Still, an obituary for Southie's political legacy would be premature. Observers suggest that a few one-time factors have steered potential candidates toward skipping the race. Some are working instead on behalf of others' mayoral campaigns; along with the Flaherty loyalists, Southie has plenty of Menino insiders, like Michael Kinneavy. Others believe that there is no room on the Council for a third white Irish man, along with incumbents Connolly and Stephen Murphy of Hyde Park. (Insiders say that Connolly and Murphy are the most likely beneficiaries of the absence of a South Boston candidate — one predicts that Murphy will "go through Southie like a vacuum, sucking up votes.")
There may be political talent yet in Southie, says Collins. "I'm sure you have not seen the last of South Boston in city politics."
Always bet on black?
Boston's black residents are experiencing the opposite phenomenon: after years without at-large representation, this year they have an abundance of candidates in the race.
It has been 16 years since the council had an African-American at-large rep — Bruce Bolling, who left the council to run for mayor. Although two of the nine district seats have been consistently held by black councilors, the at-large races, in recent election cycles, have not seen any significant black challengers at all.
This year, possible candidates on the September preliminary ballot include Natalie Carithers, Ego Ezedi, Robert Fortes, Tito Jackson, Ayanna Pressley, Jean-Claude Sanon, and Scotland Willis.
"One could view this as a kind of shifting in the city," says Bolling, who is now executive director of MassAlliance, which represents minority contractors. "There's a whole new cadre of elected leadership emerging."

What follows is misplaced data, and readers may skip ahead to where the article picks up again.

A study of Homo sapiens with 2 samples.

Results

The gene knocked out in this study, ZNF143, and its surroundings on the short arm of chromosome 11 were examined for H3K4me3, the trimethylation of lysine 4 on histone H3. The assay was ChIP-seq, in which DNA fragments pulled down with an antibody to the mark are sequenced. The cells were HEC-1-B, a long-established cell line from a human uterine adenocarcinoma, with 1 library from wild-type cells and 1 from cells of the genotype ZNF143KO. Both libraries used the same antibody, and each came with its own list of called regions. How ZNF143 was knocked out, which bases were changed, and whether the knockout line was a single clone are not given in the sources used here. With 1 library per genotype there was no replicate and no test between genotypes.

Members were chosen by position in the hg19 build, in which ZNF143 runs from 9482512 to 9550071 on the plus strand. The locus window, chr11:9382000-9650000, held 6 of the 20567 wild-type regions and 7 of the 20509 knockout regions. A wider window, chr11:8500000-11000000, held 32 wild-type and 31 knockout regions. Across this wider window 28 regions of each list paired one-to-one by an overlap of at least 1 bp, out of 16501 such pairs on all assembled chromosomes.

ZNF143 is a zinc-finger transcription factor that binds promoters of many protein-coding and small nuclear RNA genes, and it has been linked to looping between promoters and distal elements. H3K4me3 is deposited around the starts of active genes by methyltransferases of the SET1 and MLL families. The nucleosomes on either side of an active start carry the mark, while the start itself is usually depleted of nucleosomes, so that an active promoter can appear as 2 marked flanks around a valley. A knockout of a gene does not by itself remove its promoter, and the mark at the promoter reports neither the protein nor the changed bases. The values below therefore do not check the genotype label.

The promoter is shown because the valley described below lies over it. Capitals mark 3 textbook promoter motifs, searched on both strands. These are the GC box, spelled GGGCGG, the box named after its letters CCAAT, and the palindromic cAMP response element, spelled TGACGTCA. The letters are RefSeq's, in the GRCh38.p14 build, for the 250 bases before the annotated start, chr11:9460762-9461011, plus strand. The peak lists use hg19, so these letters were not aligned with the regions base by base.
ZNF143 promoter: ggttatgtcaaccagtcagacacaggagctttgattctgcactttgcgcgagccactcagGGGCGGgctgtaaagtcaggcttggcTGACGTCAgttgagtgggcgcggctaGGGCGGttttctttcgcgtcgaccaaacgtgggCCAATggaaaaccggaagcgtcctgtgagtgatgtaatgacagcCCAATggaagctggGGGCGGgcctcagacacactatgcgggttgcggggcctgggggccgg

The local enthusiasm over the campaigns of Governor Deval Patrick and President Barack Obama — and local winners like State Representative Linda Dorcena Forry and Sheriff Andrea Cabral — are credited by many for the sudden surge of African-Americans seeking office.
But the Patrick and Obama campaigns also had a deeper political effect here in Boston, in that they brought black Bostonians into the political process. That helped individuals gain invaluable experience in political organization and strategy, which they are now putting to use for City Council candidates.
There is also, some say, an eagerness in the city's African-American community for new, fresh faces to emerge in politics, in the wake of scandals engulfing former state senator Dianne Wilkerson and district councilor Chuck Turner.
|Really rocking the vote|
If Flaherty gets through the preliminary mayoral election to earn a place on the final ballot, South Boston voters would be expected to come to the polls in droves. In such a scenario, “turnout in Southie could easily top 100 percent,” jokes one political veteran, in reference to the old “vote early, vote often” legends of Boston Irish political shenanigans.
The potential flood of black candidates in the fall means that — even if not all end up running, or getting the necessary signatures — there will probably be at least four who are campaigning in November. That means voters could choose an all-black ticket with their four at-large votes.
This has some other candidates and their supporters wondering whether black Bostonians will opt to do that — an occurrence that could make it almost futile for non-black office seekers to seek votes in predominantly black neighborhoods.